DEAL WITH ANIMAL DISEASES ALREADY HERE, SAYS CLAAs the Zoological Society of London calls for more to be done to halt the spread of disease from imported animals, the Country Land and Business Association is reminding the Government that more can be done to protect our livestock and wildlife from diseases already present in our countryside - particularly bovine tuberculosis (bTB).
As the Zoological Society of London calls for more to be done to halt the spread of disease from imported animals, the Country Land and Business Association is reminding the Government that more can be done to protect our livestock and wildlife from diseases already present in our countryside - particularly bovine tuberculosis (bTB).
Sarah Slade, CLA national adviser on bTB, said: "We urge the Government to concentrate on reducing the levels of bovine TB in our countryside now as well as considering how to prevent further animal diseases entering the country. Failure to tackle bTB impacts on the welfare of farm animals and wildlife, damages farm income, causes unacceptable levels of stress for farms affected and costs the tax payer millions.
"A recent report1 in the South West states that the incidence of the disease is rising by 18 per cent per year and points out that, whilst the value of the cattle culled is refunded, the economic growth of the farm business is stunted.
"Whilst compensation in some part mitigates the economic damage, the Government seems determined, under pressure from the Treasury, to amend the compensation system thereby significantly reducing the compensation paid. This will not only result in many businesses being substantially under-compensated but will result in further businesses being driven to the wall.
"We, yet again, call on the Government to consider very carefully their proposals to further cut the compensation paid. Ultimately, the focus should be on reducing overall incidence of the disease itself - action that will benefit cattle, wildlife, farmers and the Treasury, rather than simply looking for short term financial fixes."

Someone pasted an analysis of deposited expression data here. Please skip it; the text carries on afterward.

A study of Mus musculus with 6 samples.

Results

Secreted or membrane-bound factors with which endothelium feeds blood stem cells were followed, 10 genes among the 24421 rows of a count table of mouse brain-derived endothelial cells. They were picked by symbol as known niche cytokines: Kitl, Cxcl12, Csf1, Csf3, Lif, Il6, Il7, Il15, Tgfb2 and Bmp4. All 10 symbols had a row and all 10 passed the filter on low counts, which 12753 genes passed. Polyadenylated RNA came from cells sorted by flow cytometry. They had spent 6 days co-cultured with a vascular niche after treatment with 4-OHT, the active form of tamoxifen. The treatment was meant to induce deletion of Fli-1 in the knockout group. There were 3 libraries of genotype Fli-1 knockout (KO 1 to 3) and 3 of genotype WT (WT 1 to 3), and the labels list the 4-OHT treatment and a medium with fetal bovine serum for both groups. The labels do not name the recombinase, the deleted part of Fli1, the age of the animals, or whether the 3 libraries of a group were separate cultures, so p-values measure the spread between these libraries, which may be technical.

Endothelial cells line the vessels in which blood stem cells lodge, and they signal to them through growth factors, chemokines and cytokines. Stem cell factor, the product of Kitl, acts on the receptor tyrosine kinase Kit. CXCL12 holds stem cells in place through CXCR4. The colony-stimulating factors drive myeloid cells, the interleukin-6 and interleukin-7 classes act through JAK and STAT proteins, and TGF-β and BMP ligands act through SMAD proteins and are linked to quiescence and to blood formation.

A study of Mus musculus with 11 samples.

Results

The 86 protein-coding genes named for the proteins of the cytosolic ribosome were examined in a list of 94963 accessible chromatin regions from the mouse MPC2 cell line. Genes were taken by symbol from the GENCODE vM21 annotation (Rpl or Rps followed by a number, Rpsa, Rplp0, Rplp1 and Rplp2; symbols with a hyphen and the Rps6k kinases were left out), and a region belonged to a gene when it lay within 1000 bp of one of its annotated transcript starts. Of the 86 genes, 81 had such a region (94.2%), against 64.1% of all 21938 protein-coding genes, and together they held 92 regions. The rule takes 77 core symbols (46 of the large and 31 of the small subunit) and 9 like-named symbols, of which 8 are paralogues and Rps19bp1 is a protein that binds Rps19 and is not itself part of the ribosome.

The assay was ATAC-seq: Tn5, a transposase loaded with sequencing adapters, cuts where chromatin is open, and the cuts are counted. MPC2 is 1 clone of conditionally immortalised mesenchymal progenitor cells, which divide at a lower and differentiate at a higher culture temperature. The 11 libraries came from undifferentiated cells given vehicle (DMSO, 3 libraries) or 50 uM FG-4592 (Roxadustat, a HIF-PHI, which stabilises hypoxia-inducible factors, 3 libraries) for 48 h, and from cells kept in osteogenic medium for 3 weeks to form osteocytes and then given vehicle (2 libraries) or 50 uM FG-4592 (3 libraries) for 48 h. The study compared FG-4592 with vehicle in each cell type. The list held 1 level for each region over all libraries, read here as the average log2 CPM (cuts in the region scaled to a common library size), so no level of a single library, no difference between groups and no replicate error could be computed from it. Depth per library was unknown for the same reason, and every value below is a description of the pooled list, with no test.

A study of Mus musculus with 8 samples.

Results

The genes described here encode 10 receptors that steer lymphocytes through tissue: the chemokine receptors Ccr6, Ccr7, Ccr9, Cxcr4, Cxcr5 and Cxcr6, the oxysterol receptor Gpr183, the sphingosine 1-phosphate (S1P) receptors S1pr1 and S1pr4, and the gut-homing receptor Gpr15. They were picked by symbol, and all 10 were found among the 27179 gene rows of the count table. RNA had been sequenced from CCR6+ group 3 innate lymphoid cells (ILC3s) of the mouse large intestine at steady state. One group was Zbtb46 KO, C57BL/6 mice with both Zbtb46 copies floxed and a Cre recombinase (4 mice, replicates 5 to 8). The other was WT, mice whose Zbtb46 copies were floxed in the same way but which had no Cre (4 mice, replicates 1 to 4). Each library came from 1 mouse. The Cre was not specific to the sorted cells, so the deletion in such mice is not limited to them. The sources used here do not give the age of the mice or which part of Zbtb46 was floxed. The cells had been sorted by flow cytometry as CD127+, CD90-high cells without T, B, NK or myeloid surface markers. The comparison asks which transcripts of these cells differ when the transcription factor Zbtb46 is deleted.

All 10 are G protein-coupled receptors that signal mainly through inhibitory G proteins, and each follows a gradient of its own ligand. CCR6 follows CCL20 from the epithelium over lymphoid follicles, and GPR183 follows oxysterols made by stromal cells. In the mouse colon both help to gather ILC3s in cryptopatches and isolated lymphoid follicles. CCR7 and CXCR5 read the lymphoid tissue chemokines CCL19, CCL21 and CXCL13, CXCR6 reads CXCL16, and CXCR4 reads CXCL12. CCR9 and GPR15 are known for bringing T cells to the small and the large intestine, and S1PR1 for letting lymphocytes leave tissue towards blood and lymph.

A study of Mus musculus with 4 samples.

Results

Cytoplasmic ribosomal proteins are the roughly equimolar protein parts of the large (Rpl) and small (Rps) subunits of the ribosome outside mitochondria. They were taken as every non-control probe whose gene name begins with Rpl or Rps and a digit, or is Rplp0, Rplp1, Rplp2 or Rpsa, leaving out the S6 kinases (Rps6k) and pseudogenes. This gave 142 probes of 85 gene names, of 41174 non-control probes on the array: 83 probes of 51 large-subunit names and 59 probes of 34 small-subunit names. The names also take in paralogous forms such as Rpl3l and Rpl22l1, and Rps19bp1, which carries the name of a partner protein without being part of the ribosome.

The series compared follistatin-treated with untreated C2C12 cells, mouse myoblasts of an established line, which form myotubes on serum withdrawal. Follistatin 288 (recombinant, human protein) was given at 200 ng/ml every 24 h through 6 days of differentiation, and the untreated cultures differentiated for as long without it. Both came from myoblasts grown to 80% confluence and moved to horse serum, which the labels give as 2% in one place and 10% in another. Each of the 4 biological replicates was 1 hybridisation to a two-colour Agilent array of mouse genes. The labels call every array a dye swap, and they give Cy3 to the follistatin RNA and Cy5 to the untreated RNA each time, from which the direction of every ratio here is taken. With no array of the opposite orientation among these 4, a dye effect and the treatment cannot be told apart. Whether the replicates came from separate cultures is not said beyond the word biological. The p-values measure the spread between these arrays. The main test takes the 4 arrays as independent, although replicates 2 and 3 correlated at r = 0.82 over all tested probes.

Defra has announced it is to start a small-scale, three year vaccine field study in badgers.
Sarah Slade continued: "Defra's vaccine trial is welcome evidence that the Government is taking the problem seriously, but it is vital that these trials are not used as a delaying tactic once the Krebs badger culling trials are complete. Culling may be a sensitive issue, but it is a crucial interim measure until more long-term solutions are available - such as vaccination. We have already seen bTB increase exponentially throughout the duration of the Krebs trials with spread in cattle and wildlife populations. Failure to take action now will mean the decimation of the cattle industry in this country and the rampant spread of TB throughout all kinds of wildlife, not just the badger populations."
A chartered surveyor with responsibility for CLA policy on public rights of way and access issues. Provides advice to members on issues arising from public access to the countryside.